In today’s top news, Amazon reported record profit in its first-quarter earnings, and Mastercard’s quarterly earnings showed a continued surge in debit spending. Plus, PayPal users can now link their wallets to Coinbase to purchase cryptocurrency.
Amazon reported record sales and profits in its first-quarter earnings report on Thursday (April 29), counting over 200 million paid Amazon Prime subscribers and revenue growth of 44 percent. However, the retail giant also said it expects to see the Q2 revenue growth rate slow to between 24 percent and 30 percent.
Mastercard’s latest results show a continued surge in debit spending; credit, relatively flat, is ready for a rebound. Cross-border headwinds have been muted, and April’s spending patterns seem turbo-charged.
PayPal is working with Coinbase to broaden the embrace of crypto, making it possible to pay for crypto using a PayPal account. Boosting payment options may increase consumers’ comfort with making the plunge and buying bitcoin, among other cryptos.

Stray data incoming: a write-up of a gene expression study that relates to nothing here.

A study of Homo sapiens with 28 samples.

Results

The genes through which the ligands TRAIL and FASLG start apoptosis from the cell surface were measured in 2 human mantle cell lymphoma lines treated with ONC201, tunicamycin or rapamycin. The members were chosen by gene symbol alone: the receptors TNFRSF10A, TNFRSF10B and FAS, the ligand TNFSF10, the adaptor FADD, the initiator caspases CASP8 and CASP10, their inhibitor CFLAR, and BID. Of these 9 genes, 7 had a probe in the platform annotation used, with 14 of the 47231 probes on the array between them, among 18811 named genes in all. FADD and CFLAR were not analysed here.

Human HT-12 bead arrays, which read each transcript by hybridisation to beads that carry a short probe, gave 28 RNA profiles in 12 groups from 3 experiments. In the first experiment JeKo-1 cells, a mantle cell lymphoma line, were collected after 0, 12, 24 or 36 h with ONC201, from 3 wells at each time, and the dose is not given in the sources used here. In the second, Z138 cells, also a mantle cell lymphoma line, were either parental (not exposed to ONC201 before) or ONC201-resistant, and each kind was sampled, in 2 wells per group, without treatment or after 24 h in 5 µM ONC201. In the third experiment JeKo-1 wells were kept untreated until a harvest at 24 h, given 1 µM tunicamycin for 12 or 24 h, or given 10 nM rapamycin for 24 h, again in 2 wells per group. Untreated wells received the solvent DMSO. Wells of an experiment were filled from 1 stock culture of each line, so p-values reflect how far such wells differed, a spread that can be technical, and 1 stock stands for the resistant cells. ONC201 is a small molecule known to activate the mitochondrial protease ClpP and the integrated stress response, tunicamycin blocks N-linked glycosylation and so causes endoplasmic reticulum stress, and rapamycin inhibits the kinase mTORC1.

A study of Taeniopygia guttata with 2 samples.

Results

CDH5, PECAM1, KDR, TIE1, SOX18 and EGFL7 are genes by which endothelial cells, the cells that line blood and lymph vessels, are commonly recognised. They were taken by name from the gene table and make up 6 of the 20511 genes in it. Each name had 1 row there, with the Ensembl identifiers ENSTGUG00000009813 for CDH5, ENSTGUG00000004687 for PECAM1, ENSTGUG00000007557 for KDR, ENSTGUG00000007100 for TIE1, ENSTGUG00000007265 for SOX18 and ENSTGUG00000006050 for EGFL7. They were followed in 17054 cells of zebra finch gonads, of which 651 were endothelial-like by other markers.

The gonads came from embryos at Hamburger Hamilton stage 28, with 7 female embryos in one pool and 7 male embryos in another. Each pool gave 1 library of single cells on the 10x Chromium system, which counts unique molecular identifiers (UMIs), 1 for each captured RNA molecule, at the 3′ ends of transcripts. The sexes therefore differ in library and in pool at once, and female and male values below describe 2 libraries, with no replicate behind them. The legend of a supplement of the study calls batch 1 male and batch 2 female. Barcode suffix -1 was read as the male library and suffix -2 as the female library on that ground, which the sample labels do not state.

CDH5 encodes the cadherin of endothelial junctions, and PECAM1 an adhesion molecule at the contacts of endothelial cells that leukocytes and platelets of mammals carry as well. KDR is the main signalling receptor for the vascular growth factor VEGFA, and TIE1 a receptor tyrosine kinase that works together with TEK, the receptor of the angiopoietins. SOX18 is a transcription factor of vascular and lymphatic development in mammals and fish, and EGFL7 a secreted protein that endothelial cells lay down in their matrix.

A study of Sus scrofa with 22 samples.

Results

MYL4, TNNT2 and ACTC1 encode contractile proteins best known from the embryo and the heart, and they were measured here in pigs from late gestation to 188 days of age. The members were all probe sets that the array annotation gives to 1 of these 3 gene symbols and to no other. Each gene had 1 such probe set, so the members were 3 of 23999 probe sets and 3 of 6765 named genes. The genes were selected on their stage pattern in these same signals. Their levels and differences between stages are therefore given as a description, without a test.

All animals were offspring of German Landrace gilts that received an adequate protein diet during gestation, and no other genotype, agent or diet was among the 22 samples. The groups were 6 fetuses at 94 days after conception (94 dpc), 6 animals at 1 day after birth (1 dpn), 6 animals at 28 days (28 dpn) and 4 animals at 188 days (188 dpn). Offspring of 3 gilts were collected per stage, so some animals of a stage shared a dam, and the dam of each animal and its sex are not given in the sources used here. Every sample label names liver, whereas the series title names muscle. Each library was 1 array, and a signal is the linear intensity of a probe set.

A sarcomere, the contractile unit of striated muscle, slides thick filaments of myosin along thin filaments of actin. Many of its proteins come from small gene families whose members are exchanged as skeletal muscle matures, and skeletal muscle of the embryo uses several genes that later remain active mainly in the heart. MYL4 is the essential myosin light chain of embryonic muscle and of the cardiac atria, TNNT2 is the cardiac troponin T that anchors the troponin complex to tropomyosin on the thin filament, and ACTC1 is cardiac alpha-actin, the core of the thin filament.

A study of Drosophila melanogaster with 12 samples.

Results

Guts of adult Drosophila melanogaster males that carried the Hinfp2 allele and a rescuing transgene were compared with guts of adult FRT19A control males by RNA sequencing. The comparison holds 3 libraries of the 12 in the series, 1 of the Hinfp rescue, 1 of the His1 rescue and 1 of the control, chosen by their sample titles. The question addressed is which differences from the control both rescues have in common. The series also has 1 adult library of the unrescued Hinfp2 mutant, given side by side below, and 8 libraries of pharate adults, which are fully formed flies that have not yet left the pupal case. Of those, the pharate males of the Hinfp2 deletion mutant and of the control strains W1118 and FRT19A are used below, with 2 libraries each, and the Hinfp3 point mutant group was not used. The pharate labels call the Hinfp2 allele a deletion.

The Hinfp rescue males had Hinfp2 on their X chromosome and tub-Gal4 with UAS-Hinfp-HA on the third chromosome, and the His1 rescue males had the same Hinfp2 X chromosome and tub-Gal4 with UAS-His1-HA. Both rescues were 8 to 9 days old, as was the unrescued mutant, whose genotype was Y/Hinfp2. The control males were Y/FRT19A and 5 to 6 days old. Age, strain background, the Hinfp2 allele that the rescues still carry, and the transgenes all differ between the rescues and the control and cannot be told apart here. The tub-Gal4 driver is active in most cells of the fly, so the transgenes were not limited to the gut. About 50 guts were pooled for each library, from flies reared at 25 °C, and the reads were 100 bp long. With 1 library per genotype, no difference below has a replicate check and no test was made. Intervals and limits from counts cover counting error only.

U.S. Labor Secretary Marty Walsh — former mayor of Boston — said gig workers should, at times, be classified as employees entitled to sick time, healthcare and paid time off, in an interview with Reuters. Walsh said the labor department is still probing the issue.
Small businesses are rapidly realigning themselves for the needs of the digital-first consumer who still wants to support her local shops. Using data from a global PYMNTS SMB study done in collaboration with Cybersource, Vice President of SMB Solutions Tom Haymore shares how SMBs the world over are embracing new tech and channels to capture their spend.
As the connected economy takes shape, banking, payments and merchant ecosystems are exploring new ways of aligning their capabilities with the one thing they all have in common: the customer. Doug Brown, president of NCR Digital Banking, says that focusing on that commonality can turbocharge the delivery of a fluid omnichannel commerce experience.
With buy now, pay later appearing on more and more websites and apps — and offered by a bevy of global providers — consumers in general, and millennials in particular, are establishing patterns vital to its future. New PYMNTS data explains who’s using what and why.